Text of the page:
Head-To-Head: Rafa Benitez vs Slaven Bilic

Andy Dillon by Andy Dillon / 25 August 2017, 09:08

NEWCASTLE and West Ham have often been considered twin clubs - United in many ways.

Passionate working class support, the occasional player who can turn heads and put bums on seats, but more often than not they shared a tendency for romantic failure and ineptitude in the boardroom.

The similarities on the field of play will be showcased this weekend when The Hammers travel to visit their North East cousins in a match billed already as a relegation six-pointer when we haven’t seen the back of August yet.


Bilic is in a far more comfortable position at West Ham than Benitez at St.James’ Park where tensions are growing as the transfer window draws to a close.

And it is here where we may just be starting to see two clubs with a common sense of calamity starting to drift apart in the East London club’s favour.

Newcastle are stuck in an age of austerity. Owner Mike Ashley refuses to break the bank to bring in the players Benitez feels are needed to keep his team in the Premier League having just experienced the indignity of a year in the Championship.

Some reports suggest the manager and his boss barely speak any more because of the intense stand off and growing frustrations over finance.

Three defeats in a row so far this season, to Tottenham, Huddersfield and Nottingham Forest could well be the only hat-trick Newcastle fans see over the coming months. Those results are playing into Benitez’s hands as the spotlight will be turning onto the billionaire Ashley to put his hand in his deep pockets and pay up.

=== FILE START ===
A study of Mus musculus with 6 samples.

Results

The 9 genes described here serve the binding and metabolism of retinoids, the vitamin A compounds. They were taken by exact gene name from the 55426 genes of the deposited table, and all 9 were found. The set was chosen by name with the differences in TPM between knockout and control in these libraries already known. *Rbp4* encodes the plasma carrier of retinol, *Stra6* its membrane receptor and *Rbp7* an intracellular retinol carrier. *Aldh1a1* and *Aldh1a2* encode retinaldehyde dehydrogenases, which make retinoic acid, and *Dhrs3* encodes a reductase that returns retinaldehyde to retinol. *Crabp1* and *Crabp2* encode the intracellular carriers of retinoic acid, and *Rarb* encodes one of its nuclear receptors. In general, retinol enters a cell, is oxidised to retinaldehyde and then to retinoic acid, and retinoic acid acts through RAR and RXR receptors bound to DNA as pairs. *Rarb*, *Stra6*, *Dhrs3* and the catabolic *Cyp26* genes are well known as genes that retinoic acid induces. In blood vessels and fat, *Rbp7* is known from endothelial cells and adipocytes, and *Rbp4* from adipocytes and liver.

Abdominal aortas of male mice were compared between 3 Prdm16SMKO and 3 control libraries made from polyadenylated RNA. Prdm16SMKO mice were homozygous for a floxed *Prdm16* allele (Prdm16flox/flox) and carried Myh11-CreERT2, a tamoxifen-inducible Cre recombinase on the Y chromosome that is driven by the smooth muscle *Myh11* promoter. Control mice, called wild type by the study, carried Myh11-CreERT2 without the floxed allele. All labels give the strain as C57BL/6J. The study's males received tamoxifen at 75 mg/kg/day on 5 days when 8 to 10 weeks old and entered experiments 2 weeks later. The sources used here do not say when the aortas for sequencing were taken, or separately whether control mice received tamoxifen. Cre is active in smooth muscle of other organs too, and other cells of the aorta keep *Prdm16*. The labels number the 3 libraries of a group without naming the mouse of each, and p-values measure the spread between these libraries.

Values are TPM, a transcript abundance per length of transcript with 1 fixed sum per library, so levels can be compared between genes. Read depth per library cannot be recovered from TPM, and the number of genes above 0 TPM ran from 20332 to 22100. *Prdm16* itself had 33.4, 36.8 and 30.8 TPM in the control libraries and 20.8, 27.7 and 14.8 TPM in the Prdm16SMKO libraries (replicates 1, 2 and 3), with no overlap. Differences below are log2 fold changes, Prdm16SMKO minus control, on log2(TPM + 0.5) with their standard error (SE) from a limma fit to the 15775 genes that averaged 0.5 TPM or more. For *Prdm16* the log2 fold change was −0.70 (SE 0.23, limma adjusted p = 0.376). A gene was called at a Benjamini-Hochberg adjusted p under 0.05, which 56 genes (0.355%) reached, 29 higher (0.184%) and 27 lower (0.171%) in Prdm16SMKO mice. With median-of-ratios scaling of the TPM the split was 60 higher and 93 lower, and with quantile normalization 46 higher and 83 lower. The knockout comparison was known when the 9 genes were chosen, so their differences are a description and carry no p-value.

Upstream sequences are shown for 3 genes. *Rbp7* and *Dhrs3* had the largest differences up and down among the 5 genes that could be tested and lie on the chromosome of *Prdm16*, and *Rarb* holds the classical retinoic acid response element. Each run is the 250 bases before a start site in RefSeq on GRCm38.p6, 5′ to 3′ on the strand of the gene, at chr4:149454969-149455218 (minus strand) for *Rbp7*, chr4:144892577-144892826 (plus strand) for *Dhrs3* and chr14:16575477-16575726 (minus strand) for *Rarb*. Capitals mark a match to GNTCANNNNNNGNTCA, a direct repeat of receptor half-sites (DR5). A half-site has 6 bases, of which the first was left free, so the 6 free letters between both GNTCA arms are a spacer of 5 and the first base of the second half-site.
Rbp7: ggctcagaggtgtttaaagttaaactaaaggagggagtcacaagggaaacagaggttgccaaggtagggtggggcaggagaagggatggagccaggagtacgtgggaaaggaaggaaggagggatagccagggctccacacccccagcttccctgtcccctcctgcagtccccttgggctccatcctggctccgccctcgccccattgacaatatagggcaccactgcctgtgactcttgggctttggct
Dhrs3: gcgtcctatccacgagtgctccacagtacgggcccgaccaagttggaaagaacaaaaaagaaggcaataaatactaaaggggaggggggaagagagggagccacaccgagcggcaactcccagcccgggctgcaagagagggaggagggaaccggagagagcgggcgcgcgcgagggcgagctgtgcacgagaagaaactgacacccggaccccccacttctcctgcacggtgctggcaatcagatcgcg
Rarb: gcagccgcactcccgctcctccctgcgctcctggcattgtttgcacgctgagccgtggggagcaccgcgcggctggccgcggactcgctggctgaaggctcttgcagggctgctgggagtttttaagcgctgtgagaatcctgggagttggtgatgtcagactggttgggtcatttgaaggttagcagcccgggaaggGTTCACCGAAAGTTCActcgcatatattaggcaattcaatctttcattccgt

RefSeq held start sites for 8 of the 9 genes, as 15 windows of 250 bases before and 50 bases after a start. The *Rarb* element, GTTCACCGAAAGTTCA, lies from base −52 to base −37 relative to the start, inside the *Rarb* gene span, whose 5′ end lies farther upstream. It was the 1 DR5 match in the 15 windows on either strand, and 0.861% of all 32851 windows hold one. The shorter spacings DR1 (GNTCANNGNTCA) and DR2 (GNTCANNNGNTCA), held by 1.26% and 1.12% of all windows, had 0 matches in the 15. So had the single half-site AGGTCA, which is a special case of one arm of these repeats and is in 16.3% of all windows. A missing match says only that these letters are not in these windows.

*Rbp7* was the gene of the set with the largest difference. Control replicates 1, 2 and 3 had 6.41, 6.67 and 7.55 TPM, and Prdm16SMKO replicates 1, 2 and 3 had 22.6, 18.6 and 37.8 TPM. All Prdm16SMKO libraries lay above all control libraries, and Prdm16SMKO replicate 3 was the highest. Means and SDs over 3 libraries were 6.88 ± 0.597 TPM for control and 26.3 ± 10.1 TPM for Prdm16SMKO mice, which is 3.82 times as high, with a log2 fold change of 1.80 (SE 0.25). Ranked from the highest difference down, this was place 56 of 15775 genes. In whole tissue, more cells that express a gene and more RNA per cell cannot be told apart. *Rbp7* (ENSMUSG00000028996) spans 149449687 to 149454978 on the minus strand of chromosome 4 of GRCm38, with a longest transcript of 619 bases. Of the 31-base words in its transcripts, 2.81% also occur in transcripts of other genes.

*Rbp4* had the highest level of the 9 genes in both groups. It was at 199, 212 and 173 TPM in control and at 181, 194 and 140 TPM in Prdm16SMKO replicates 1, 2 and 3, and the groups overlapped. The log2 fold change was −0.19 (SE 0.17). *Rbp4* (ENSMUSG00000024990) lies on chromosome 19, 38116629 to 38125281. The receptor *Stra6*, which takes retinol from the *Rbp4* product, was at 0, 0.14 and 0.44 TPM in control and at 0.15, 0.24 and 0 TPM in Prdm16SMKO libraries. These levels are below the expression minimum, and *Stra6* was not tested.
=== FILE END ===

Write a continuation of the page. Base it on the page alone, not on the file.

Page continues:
In stark contrast, West Ham, a team which used to beg, borrow and steal to cobble together a starting X1 in years gone by have broken their club-record transfer buy twice in successive seasons.

Last year it was £20.5 million for forward Andre Ayew and this summer it was £24m for Marko Arnautovic.

Whether the pair are worth it of course is a matter of opinion. Many would argue no and results aren’t much better than at Newcastle. In fact, West Ham sit below them in the top flight.

But nobody can question the fiscal commitment of West Ham’s joint-chairmen David Sullivan and David Gold.

They have also coughed up £120K a week to pay for England keeper Joe Hart to come on loan for the season and a small fortune for some say veteran, some say past it right back Pablo Zabaleta.

Manager Bilic is also hopeful of spending £35m of his bosses’ cash on Sporting Lisbon midfielder William Carvalho before the deadline next week.

Of course this means the pressure on Bilic to deliver is far greater this season and that Benitez has the perfect excuse should his team struggle to compete in the richest football league in the world.

But where once West Ham and Newcastle fans could taunt each other across the terraces while grudgingly admitting they had more in common than they cared to admit, there is now a definite feeling that two clubs full of tradition and empty trophy cabinets are heading in vastly different directions.